BROOKLYN PARK, Minn. (WCCO) – Many questions remain after an 11-year-old runaway was returned to her rodent-infested home in Brooklyn Park.

The girl and at least two other siblings had been living in the home, despite ongoing investigations by police and child protection services.

WCCO-TV has uncovered a paper trail that documents a history of child protection interventions dating back to 1999.

WEB EXTRA: Juvenile Protection Petition (May 18) | Juvenile Protection Petition (Feb. 6) | Order Of Dismissal

The documents portray a horrific history of abuse, including a conviction for malicious punishment of a child by the child's mother, Tasha Tennin, in 2006 and the death of an 8-year-old sibling just four months ago.

On Monday, there was a frantic search for the 11-year-old girl. Police said she went missing from the home in the early morning hours after an argument with her mother, who was not cooperating in the investigation.

The search ended suddenly as the child was returned just before 5 p.m. by a neighbor, who found the girl at a clinic in Bloomington, which is 20 miles to the south.

Brooklyn Park police said that another child, the girl's 8-year-old brother, was found dead in the home just months ago.

"There have been numerous calls to this address related to the welfare of children," Deputy Chief Mark Bruley said Monday. "There was a child death investigation here in February."

That death resulted in an emergency petition by Hennepin County for all children to be removed from the home, but that petition was dismissed just days later by Hennepin County Judge Peter Cahill.

Criminal defense attorney Joe Tamburino, who is not affiliated with the case, reviewed the court documents Tuesday at WCCO's request.

"There is a complete history of problems in this household going back almost 10 years," he said. "Child protection should have been involved and the kids should have been in a protective situation."

On Tuesday afternoon, the Hennepin County Medical Examiner released its report on the 8-year-old brother's death, saying the cause of his death could not be determined.

The Hennepin County Attorney's Office they had no comment on the case.

Hennepin County Child Protection Services issued a statement saying that they have worked diligently in this case and added that they tried to remove the children from the home after the brother's death in February.

Child advocate Rich Gehrman said things are in flux right now. In Minneapolis, authorities removed adult twin daughters with mental disabilities from a home over the winter. Their dad is accused of keeping them chained in the house where he beat them, and raped one of them, leaving her pregnant. In both cases, police and child protection services had been involved.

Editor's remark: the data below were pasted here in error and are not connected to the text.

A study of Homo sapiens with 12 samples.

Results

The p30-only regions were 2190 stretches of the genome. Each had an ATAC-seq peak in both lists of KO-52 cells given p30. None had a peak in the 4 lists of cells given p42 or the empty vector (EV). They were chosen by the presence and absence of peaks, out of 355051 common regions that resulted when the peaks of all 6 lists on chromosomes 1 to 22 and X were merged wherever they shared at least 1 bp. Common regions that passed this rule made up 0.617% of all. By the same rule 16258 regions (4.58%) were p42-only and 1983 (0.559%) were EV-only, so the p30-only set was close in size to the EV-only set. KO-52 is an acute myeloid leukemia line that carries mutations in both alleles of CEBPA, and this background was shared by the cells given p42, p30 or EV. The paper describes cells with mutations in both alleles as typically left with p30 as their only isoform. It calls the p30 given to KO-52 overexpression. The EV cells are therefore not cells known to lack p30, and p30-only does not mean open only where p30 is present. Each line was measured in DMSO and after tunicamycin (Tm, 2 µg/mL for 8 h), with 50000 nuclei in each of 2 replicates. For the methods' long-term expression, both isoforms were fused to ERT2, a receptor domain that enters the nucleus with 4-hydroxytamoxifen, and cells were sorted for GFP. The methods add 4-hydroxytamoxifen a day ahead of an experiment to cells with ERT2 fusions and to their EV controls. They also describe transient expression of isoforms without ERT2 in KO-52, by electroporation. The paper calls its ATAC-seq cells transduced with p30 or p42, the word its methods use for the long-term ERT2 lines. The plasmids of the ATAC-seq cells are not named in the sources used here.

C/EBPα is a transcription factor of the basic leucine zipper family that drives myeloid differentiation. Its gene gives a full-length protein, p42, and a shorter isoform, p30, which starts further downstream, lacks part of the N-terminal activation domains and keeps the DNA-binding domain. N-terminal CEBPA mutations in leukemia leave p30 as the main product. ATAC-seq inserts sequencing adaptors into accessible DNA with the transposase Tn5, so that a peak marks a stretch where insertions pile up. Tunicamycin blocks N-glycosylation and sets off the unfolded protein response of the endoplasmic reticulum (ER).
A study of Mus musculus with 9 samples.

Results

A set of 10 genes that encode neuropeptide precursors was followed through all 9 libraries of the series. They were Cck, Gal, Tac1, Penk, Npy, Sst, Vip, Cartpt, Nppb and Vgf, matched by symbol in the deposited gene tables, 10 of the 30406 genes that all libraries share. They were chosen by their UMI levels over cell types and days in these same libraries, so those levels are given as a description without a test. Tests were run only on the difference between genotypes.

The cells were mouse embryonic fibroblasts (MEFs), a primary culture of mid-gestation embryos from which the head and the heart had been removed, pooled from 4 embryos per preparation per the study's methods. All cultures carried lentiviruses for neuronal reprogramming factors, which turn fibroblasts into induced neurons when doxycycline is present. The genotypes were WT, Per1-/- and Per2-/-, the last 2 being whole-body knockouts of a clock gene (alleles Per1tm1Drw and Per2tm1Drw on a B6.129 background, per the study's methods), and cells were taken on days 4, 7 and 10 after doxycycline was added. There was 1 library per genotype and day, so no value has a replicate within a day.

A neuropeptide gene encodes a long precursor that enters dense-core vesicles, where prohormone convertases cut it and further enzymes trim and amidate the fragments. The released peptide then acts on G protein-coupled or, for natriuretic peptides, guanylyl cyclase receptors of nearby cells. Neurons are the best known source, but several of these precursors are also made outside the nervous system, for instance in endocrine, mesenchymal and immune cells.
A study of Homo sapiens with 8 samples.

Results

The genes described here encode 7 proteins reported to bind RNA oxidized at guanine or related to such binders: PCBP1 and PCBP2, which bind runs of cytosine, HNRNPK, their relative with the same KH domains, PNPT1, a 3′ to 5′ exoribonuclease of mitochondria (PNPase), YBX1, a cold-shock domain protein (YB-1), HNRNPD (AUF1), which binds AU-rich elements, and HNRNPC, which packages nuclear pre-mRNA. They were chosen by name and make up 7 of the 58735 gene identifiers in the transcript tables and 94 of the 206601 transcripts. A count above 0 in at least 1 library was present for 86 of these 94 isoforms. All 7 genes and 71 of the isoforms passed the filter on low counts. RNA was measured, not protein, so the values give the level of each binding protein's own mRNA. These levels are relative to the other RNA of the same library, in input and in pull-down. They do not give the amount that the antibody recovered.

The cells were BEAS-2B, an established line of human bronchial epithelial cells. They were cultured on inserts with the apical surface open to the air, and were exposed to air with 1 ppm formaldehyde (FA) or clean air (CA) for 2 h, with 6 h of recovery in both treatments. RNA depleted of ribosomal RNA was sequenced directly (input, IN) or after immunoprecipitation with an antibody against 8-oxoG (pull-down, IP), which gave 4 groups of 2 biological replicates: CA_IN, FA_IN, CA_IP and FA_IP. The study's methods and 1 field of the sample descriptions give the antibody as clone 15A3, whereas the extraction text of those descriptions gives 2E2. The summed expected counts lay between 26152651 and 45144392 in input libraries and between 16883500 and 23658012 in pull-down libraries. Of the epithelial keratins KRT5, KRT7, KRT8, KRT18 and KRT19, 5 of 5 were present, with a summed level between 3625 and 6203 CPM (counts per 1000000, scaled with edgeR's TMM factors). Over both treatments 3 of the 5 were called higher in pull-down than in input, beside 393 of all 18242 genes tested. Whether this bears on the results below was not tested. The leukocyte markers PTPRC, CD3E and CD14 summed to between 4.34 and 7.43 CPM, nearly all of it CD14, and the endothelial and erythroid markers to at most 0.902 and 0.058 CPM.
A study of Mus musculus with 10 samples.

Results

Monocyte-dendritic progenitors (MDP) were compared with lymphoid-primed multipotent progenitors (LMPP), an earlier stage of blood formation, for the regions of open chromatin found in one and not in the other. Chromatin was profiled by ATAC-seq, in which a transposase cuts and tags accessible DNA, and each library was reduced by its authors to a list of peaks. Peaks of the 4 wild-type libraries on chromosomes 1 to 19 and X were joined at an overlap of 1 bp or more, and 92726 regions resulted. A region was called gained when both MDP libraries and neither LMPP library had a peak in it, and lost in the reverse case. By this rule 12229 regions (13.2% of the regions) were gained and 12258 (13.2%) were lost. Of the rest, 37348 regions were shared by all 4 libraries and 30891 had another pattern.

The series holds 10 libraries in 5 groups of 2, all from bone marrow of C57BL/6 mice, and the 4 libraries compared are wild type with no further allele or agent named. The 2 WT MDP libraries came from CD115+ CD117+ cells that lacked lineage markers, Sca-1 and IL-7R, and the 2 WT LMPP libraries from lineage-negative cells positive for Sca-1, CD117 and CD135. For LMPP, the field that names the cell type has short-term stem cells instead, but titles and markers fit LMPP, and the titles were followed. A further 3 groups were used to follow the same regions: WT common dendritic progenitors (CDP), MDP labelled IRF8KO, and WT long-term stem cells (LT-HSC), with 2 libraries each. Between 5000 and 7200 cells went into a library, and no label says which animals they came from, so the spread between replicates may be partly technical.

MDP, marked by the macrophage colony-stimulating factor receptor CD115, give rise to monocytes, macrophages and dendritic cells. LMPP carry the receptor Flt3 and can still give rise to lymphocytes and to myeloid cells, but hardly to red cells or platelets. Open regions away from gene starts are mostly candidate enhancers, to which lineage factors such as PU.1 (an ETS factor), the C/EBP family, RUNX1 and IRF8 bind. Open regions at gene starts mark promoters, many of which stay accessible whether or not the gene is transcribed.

"That has been not uncommon in the system for many years, so what I'm telling people now is it seems like there are some changes may be taking hold and that's why they're stopping these cases now that might have gone on," Gehrman said.

He founded Safe Passage for Children of Minnesota, a nonprofit advocacy organization dedicated to improvements in child protection and foster care. He saw improvements in 2015 with the formation of a Child Protection Task Force after the death of Eric Dean in Pope County. The 4 year old was killed by his stepmother, despite a number of reports that he was being abused.

"Now they're screening families and reports according to the same standards, so there's a whole lot more families and kids coming into the system and that has generated a larger case load. And now we have a new set of issues, which is, are there the resources a properly-sized child protection system?" Gehrman said.

In Brooklyn Park, a caseworker did sound the alarm with an emergency child protection petition in February.

"We're in such flux that I really can't tell whether it means that Hennepin County is raising its standards and being less willing to let things kind of go on indefinitely or whether we're just being overwhelmed by cases," Gehrman said.

Cahill, the judge who denied the emergency child protection petition, did not immediately return a call for comment.

Brooklyn Park police say the four siblings, including the 11-year-old girl who ran away Monday, are now in protective custody.

Detectives are investigating a possible criminal case of child neglect or abuse against the mother.

The mother is currently being hospitalized for an undisclosed medical condition.